What is a microservice architecture? Why should I use it instead of a monolithic architecture? The microservice architecture has actually been used for a long time, it’s only in the past few years that it’s been caught on to as a buzzword. The gist of this article is that monolithic architectures were great until we started adding more teams to the mix. An application became harder to manage, development slowed down and releases took longer to ship. Microservices solved a lot of these issues
Monolithic Architecture – Where it all began
The most common type of architecture that applications use is known as a monolithic architecture. This simply means that the whole application is held together in a single application. This one large application would contain all the business logic for every user story that’s implemented.
The problems with a monolithic architecture
Monolithic architectures worked pretty well due to their simplicity. New features and updates to an application were pretty easy to implement for a single team. Until we added more developers and more teams. Now we’ve got this huge application that multiple teams are adding and updating code for. This resulted in a bunch of other issues.
- Due to the high amount of coupling the number of conflicts when committing code increased
- This also reduced the interval between deployments because multiple teams had to co-ordinate with each other in order to release their application. Every change required some sort of impact analysis
- Code quality was also a problem due to high coupling
- Crashes in one part of the application would affect the entire application
- You can’t scale parts of the application that are used more without scaling the entire application
Microservice Architecture – Where we are now
Microservice architecture is different from a traditional monolithic one because it focuses on splitting out a large application into independently deployable services. Having an architecture solves many of the issues above with the addition if each service being simpler and easier to develop and deploy. Changes to one service no longer require the entire application to go down, only that small isolated service. Performance bottlenecks can be identified and scaled individually. Individual services can also be managed by different teams. Microservices also map better to the real world by organizing them by business processes.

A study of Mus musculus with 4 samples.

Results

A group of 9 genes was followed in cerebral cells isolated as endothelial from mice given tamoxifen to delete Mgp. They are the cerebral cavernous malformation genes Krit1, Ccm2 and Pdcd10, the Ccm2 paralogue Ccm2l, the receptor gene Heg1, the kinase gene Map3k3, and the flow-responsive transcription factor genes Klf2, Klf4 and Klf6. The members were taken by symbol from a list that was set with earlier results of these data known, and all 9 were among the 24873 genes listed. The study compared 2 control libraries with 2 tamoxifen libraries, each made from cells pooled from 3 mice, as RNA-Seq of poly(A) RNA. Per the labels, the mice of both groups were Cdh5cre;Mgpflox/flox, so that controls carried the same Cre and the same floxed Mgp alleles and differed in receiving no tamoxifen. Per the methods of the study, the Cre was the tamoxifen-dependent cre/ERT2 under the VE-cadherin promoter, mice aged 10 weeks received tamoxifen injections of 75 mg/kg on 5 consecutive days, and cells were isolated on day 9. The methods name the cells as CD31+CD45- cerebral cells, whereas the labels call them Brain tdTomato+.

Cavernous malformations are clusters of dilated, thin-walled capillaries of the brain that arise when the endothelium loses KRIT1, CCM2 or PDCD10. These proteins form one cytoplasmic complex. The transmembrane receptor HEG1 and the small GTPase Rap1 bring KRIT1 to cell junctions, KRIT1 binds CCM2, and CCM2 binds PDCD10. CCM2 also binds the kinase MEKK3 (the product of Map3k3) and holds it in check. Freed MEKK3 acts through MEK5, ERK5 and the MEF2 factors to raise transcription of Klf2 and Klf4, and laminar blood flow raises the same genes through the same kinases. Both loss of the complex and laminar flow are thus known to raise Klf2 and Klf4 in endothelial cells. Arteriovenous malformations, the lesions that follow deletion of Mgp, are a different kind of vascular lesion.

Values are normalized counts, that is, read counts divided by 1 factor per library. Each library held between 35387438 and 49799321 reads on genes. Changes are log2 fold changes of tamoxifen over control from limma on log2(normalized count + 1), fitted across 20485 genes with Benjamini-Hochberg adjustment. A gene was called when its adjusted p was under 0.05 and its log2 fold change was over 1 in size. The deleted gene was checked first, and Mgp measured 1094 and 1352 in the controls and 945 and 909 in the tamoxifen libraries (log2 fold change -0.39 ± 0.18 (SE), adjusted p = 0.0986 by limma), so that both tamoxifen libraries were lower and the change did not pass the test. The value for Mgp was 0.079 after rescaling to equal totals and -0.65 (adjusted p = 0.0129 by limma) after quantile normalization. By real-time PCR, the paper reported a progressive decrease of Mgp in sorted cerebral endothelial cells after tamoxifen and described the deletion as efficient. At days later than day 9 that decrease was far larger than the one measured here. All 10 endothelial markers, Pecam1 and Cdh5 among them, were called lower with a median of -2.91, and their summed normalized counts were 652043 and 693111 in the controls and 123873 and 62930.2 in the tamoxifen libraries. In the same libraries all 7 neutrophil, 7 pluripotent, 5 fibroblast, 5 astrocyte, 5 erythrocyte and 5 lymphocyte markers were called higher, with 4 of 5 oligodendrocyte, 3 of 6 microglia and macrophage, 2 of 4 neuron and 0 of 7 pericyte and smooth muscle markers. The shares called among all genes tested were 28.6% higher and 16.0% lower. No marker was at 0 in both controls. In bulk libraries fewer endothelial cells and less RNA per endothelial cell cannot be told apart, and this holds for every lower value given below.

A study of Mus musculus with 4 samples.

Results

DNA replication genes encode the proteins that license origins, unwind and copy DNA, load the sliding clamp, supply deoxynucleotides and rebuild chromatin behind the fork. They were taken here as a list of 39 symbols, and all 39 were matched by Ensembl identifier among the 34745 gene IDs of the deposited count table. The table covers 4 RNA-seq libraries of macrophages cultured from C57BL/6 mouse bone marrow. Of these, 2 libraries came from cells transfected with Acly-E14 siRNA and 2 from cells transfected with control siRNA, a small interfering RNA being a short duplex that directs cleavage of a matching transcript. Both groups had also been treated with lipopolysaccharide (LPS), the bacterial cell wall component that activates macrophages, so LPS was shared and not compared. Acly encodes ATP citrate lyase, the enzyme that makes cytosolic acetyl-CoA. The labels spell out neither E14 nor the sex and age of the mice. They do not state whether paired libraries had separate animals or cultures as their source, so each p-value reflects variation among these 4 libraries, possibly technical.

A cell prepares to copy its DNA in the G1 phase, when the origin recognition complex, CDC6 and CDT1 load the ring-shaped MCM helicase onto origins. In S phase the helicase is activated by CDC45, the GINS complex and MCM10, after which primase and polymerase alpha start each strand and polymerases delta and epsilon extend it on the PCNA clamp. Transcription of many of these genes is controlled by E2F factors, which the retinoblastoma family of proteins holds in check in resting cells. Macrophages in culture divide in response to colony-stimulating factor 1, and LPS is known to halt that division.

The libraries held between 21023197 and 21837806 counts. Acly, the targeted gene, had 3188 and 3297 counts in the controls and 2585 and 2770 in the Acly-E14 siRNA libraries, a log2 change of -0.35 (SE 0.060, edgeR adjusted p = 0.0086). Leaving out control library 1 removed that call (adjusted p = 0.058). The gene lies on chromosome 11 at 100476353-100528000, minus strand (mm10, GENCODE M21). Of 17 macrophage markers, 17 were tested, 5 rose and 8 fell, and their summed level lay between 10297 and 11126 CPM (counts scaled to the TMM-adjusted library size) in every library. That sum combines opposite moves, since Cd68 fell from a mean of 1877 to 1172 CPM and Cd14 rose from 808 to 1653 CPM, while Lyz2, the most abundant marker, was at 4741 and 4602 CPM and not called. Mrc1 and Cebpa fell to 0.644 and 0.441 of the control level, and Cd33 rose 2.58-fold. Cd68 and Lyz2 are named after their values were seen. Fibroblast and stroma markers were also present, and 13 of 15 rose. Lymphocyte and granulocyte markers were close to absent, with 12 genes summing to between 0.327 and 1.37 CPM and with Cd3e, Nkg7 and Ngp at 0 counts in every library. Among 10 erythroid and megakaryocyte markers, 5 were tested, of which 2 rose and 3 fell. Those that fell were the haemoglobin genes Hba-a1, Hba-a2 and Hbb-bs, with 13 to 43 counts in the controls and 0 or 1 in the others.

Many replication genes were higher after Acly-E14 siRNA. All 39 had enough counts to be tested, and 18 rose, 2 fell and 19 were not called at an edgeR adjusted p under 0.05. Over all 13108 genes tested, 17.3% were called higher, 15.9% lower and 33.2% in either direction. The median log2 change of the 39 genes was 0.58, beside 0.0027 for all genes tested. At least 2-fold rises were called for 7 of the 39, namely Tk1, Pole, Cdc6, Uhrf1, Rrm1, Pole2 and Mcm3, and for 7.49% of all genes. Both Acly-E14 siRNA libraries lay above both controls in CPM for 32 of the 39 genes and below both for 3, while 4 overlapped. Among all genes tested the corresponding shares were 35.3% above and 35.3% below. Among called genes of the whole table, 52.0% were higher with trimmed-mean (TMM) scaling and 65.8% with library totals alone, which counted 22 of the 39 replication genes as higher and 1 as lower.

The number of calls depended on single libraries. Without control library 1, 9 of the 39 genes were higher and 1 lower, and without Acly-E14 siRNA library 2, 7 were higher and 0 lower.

However, microservice architectures also come with their own challenges such as logging, service discovery. When a microservice architecture is poorly planned, you can end up with many more problems than you started with. It also introduces much more advanced topics such as event sourcing and understanding the proper size of your microservices. It’s difficult to know the exact size a microservice should be and it’s also difficult to know what would be dependent on one in the future.
Microservice architecture is an effective method of tackling a specific set of problems for large enterprises and teams. When implemented correctly and for the right reasons, a microservice architecture can provide a huge amount of benefits and can improve development speed significantly. However, taking the leap should be evaluated carefully since it’s definitely not for the faint of heart. Monolithic architectures are also a great option for small to medium-sized enterprises. Sometimes implementing a proper deployment pipeline, automating tests, good software architecture and applying good coding standards is all you need.
If you’re a solo developer and looking to implement the next shiny thing, then microservices is probably something you want to skip. The added complexity can actually reduce development time and increase complexity. If I was building a small application for myself as an MVP (minimum viable product), then I’d definitely go with a monolithic architecture due to the sheer simplicity. Using a good architecture is more than enough in this scenario. The main thing you want to focus on is building and shipping your product as fast as possible. Hey, if it ends up being a success, then pay someone else to implement a microservice architecture for you!